11 Feb B&W Good Teeth Guides: How to Floss Teeth
When it comes to morning dental routines we can all become complacent. When we brush teeth first thing in the morning we are generally all in a mixed state of waking up, thinking of the day ahead or trying to get the children organised.
If we actually pay attention to what we are doing, how many of us can remember how it is we should be brushing our teeth? Is it up down and then to the back? In a circular motion? Most, if not all, would have been taught by our parents many years ago.
Other than putting paste on your brush, brushing and spitting the white stuff out, nothing more would have been introduced to most of us. So what we should be doing, when we should be doing it and how we should be doing it is why we have created the B&W Good Teeth Guides.
Over the course of the series we will share practical guidance to help you and your family maintain great oral health!
The first of our guides tackles flossing, no not the dance but the area of dental hygiene that is often the unsung and not so popular hero of a healthy mouth.
What is Flossing?
Flossing is a simple yet effective act of cleaning in between your teeth traditionally using dental floss. All you need to do is floss, brush and rinse!
Why Should You Floss?
There are so many benefits to flossing, once you start doing it you’ll be hooked and wonder why you had not been doing this already or at least more consistently.
- Brushing alone won’t get rid of plaque entirely, flossing is a great way to get a thorough clean and reduce your risks of tooth decay and gum disease
- Flossing is great at protecting against gingivitis as it helps by removing plaque and food particles
- Flossing after meals is a great way to freshen up your mouth and also keep your teeth clean especially during the day when it may not be convenient to brush them after lunch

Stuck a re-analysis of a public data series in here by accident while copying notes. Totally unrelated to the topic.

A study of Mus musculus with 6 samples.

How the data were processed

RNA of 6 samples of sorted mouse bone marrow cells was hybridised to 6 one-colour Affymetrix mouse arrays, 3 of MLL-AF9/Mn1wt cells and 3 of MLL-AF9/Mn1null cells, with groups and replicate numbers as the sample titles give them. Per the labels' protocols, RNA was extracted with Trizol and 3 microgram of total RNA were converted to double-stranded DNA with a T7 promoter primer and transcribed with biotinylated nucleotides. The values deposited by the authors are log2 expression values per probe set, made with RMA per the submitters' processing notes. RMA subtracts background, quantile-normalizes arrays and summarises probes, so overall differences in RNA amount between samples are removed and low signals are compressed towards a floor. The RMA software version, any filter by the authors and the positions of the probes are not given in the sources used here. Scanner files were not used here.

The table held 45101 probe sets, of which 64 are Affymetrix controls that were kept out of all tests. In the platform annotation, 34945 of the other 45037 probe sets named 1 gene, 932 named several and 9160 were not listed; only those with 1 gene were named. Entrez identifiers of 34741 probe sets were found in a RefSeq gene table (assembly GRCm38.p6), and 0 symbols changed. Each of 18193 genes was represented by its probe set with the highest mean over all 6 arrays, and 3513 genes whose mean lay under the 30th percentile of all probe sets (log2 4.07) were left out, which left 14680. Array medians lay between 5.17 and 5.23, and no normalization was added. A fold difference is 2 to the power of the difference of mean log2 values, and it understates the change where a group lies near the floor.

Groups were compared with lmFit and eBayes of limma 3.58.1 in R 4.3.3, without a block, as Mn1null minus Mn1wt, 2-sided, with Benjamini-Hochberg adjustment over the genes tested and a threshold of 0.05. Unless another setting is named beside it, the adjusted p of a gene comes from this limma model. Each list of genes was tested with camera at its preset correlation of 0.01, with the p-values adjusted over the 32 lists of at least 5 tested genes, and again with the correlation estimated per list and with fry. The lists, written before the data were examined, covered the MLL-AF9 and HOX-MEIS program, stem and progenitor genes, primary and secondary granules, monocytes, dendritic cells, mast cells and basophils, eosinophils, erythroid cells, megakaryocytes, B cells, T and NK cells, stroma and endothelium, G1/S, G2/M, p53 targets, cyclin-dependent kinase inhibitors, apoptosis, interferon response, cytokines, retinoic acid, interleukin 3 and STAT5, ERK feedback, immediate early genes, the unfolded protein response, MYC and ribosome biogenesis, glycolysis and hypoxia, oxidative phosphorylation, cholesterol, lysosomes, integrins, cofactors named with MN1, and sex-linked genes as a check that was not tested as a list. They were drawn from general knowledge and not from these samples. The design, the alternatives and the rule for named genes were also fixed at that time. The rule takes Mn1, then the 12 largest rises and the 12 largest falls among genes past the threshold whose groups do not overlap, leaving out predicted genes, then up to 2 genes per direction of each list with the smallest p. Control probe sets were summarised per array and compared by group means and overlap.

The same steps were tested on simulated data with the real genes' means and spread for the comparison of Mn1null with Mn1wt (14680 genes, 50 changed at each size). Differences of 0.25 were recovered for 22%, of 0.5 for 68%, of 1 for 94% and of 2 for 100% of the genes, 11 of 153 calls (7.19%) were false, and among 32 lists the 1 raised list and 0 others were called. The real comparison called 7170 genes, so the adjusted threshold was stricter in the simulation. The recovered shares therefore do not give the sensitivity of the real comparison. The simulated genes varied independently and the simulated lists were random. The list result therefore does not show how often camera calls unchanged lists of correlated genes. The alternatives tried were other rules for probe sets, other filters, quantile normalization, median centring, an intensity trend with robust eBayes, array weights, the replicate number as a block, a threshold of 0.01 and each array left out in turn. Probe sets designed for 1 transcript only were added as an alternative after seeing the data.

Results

Who should be flossing?
Everyone can floss. Even children can floss, although they will need your guidance and assistance but introducing this step in as early as possible to their daily routines means that their long term oral health will be greatly improved.
How Should You Floss?
At Bright and White Dental practice we recommend using an airfloss which is very effective at removing plaque and particles from teeth, environmentally friendly and can be used with water or your favourite mouthwash. However, if this is a little out of your price range you we recommend using an eco friendly floss made of bamboo or silk over a plastic based flos if possible.
Flossing with an Air Floss
Is as easy as 1, 2, 3!
- Fill your Air Floss with Water or Mouthwash
- Pick the setting that suits your gums and teeth
- Blast the Air Floss in between and around the base of your teeth
Flossing with Dental Floss
- Take about 15 – 20 inches of floss, or however much you need to give you enough space to work between the teeth whilst remaining taught
- Hold the floss between your thumbs and index fingers, and begin to gently slide the floss up-and-down between your teeth.
- It is important to use gentle movements when you clean around the base of the tooth and take care when you go beneath your gum line.
- Use clean sections of the floss for each tooth, or change the floss if you need to
- To remove the floss from between your teeth, especially when the space is quite tight do not tug! Use the same gentle back-and-forth motion to bring the floss up and gently pull away from the teeth
How Should You Floss Children’s Teeth?
Make sure that you are using a dental floss that is soft on their teeth either a bamboo or silk floss will do this.
- Take about 15 – 20 inches of floss, or however much you need to give you enough space to work between the teeth whilst remaining taught.
- Gently slide it down between your child’s teeth with your thumb and index fingers holding the floss taut. Be careful not to snap it down on the gums.
- Curve the floss around each tooth in a “C” shape. Use only very gentle movements, slide it up and down the sides of each tooth, including under the gum line. Unroll a new section of floss as you move from tooth to tooth.
When you floss children’s teeth there may be some bleeding initially, this should stop after a few days of flossing. However, if this does not please book in to see your dentist.
If you are worried about flossing for the first time or having difficulties with flossing we would be more than happy to help you get started, book an appointment with our Dental Hygiene Centre for an Air Flow treatment which is currently the latest and most effective dental hygiene treatment for removing stains, plaque and tartar using a jet of air, sodium bicarbonate and water.